News

A new nature-friendly form of farming could put farmers at the forefront of tree planting in Scotland, according to an exhibition by the Soil Association.

Francesca Brooking

Wed 22 Jun 2022

Earlier in June, a 'Transition to Agroecology in Scotland' exhibition hosted by the Soil Association took place at Holyrood.

The aim was to show how a transition to agroecological methods could secure Scotland’s position as a global leader in sustainable farming.

The secret?

Nature-friendly farming combined with a farmer-led revolution in tree planting.

This strategy could help Scotland meet the government’s Net Zero and nature recovery targets. Here’s how.

Sheep sitting among trees

Agroforestry – integrating trees with livestock

What is the Transition to Agroecology in Scotland exhibition?

The exhibition brought together agroecological farmers, crofters and policy makers at Holyrood to demonstrate what nature friendly farming looks like in practice.

This includes reducing the use of chemical pesticides and artificial nitrogen, improving soil health and increasing biodiversity all while producing high quality crops.

The strategy also goes a step further by integrating trees with livestock and crops. This puts farmers at the forefront of planting trees in Scotland.

Soil Association head of policy David McKay said: “The government has set an ambition for Scotland to be a global leader in sustainable and regenerative agriculture.

“We align with their vision for agriculture and will present evidence of how agroecological and agroforestry farming practices can help achieve this in practice and in so doing help restore nature, cut farming emissions, and feed everyone a healthy diet.”

A gate leading to a field with trees on one side
“Given the extent of the farmed landscape in Scotland, farmers will be key to achieving tree planting targets”

What is a farmer-led tree revolution?

A new study by Soil Association in collaboration with Cumulus Consultants called ‘Trees and Woodland in the Farmed Landscape’ was launched at the exhibition to show how farmers can help Scotland meet its tree planting targets.

The initial target set out by the Scottish Government was to increase the annual tree planting to 18,000 hectares per year by 2024 in order to combat climate change.

However, the initiative proved challenging with 80% of Scotland’s total land mass under agricultural production.

Switching the land to accommodate large scale afforestation threatens the country’s food and farming system.

The Soil Association argues that the integration of trees into arable land and livestock pastures could account for 68% of the 18,000 hectares per year goal.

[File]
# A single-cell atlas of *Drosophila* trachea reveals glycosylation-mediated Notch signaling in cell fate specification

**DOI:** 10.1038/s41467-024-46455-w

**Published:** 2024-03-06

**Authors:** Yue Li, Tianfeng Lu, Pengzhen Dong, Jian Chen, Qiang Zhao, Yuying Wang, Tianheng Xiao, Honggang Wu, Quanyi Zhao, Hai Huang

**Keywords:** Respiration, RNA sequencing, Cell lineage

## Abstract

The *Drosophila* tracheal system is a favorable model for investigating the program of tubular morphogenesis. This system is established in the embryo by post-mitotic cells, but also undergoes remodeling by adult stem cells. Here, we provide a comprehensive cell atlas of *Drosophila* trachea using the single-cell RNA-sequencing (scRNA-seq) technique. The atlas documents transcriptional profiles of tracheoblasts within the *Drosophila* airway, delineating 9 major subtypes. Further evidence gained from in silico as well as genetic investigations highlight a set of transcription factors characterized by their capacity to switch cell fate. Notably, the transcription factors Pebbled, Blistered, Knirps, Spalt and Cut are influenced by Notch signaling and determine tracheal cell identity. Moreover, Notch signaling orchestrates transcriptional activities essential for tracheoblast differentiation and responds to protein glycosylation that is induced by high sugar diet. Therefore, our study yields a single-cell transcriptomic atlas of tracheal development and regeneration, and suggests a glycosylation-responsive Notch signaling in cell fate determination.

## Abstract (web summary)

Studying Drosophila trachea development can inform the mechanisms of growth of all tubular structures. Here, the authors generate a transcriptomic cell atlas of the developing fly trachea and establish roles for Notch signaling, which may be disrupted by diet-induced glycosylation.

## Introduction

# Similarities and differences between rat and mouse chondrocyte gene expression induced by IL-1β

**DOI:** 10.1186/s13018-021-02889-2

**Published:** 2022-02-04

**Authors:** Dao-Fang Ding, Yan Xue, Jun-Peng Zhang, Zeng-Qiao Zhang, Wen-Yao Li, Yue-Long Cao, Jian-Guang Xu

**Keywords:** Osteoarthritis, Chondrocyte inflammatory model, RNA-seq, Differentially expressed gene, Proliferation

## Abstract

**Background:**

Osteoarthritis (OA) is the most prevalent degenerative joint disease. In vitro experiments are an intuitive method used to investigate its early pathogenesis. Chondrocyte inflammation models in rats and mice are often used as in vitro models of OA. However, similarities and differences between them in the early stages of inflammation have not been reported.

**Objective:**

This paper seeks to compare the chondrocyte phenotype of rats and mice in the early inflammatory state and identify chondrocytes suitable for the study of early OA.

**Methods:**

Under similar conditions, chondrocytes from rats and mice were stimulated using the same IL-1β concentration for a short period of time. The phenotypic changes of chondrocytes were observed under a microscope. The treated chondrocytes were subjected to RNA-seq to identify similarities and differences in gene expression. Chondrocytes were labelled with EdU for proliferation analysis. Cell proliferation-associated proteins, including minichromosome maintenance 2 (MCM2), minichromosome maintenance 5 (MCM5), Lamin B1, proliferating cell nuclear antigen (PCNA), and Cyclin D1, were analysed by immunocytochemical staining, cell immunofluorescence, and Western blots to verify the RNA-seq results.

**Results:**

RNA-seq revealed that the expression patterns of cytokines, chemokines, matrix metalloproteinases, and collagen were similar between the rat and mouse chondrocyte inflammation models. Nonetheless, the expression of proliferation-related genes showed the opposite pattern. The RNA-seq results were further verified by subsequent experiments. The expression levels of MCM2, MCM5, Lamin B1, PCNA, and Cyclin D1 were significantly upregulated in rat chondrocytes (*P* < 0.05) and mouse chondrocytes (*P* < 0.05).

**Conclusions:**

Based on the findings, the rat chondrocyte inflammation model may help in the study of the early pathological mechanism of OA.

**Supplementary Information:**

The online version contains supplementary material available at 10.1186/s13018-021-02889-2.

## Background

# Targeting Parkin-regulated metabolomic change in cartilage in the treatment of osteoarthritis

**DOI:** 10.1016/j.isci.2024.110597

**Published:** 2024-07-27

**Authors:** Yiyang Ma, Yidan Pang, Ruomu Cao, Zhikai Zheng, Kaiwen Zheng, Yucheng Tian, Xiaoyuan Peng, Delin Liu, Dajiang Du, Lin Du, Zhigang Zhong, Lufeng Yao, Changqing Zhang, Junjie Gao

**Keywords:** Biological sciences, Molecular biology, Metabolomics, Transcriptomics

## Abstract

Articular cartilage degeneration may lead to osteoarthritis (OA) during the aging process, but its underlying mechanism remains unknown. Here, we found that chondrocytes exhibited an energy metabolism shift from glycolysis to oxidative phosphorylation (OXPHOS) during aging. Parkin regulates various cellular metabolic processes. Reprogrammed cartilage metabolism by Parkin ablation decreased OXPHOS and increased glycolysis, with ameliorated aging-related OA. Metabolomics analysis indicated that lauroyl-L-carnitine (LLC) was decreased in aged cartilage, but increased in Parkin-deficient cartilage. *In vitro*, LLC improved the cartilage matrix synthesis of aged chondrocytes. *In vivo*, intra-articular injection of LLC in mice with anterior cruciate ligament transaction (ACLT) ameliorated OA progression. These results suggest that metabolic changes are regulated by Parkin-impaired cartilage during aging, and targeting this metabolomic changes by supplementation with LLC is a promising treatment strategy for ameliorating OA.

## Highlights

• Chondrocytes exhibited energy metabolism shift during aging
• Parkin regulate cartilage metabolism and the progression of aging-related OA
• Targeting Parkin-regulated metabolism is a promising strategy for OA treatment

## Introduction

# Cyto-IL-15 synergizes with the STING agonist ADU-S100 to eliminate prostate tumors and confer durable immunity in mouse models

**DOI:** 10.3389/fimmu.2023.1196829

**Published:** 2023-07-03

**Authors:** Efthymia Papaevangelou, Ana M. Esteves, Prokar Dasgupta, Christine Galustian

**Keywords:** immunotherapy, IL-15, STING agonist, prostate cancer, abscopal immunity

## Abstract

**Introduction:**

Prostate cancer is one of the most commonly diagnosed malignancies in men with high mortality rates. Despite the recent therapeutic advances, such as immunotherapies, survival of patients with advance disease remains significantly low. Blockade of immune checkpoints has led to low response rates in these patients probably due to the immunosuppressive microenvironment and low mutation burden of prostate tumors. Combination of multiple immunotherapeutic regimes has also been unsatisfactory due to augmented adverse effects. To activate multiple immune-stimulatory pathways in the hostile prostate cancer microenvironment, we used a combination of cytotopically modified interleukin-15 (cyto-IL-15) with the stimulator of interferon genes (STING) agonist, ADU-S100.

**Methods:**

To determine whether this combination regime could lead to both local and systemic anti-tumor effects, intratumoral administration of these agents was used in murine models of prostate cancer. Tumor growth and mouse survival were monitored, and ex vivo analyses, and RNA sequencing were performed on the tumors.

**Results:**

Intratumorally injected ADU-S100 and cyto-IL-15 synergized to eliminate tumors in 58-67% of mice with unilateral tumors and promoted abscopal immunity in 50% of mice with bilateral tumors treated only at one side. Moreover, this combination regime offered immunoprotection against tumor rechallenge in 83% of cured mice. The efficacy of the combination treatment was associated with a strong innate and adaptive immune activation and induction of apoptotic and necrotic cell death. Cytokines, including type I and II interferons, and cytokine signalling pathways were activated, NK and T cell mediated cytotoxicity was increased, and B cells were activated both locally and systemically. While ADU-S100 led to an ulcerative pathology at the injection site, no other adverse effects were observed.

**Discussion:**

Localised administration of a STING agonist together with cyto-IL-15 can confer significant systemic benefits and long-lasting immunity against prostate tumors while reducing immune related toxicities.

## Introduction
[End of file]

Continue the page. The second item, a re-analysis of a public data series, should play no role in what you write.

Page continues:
Plus, it also has the potential to increase farm income, support farming systems and improve their performance and resilience in the face of climate change.

David said: “Given the extent of the farmed landscape in Scotland, farmers will be key to achieving tree planting targets.

“This study provides recommendations for government and an economic model to demonstrate how agroforestry and integrated farm woodland offer a viable and cost-effective way to enhance tree planting across Scotland without reducing agricultural production and the inevitable impact this would have on the food system and risk of carbon leakage offshore through the complete conversion of agricultural land.

“Strategically increasing agroforestry and farm woodland in Scotland has the potential to enhance the performance of the agricultural economy and develop new income streams for farmers.”

Learn more about how farming can work in harmony with our natural habitats: What Are Peatlands And Why Are They Important?

A cow in a meadow with trees behind for agroforestry

The new Soil Association study concludes that agroforestry will provide additional income streams for farmers

A new mainstream form of farming?

The Soil Association highlights that the main challenges holding this new form of farming back from widespread adoption are public policy and investment to incentivise farmers.

The study weighed up the economic impacts on a range of farm types. It suggested that the adoption of agroforestry on up to 5% of existing agricultural land could be achieved with an annual cost of £100m.

This is feasible when compared to the current £600m spent on farm support and another £150m given to fund the acceleration of tree planting initiatives in the 2021-2022 Programme for Government.

This new nature friendly form of land management puts tree planting initiatives in symbiosis with agriculture rather than the mainstream one-or-the-other system that exists today.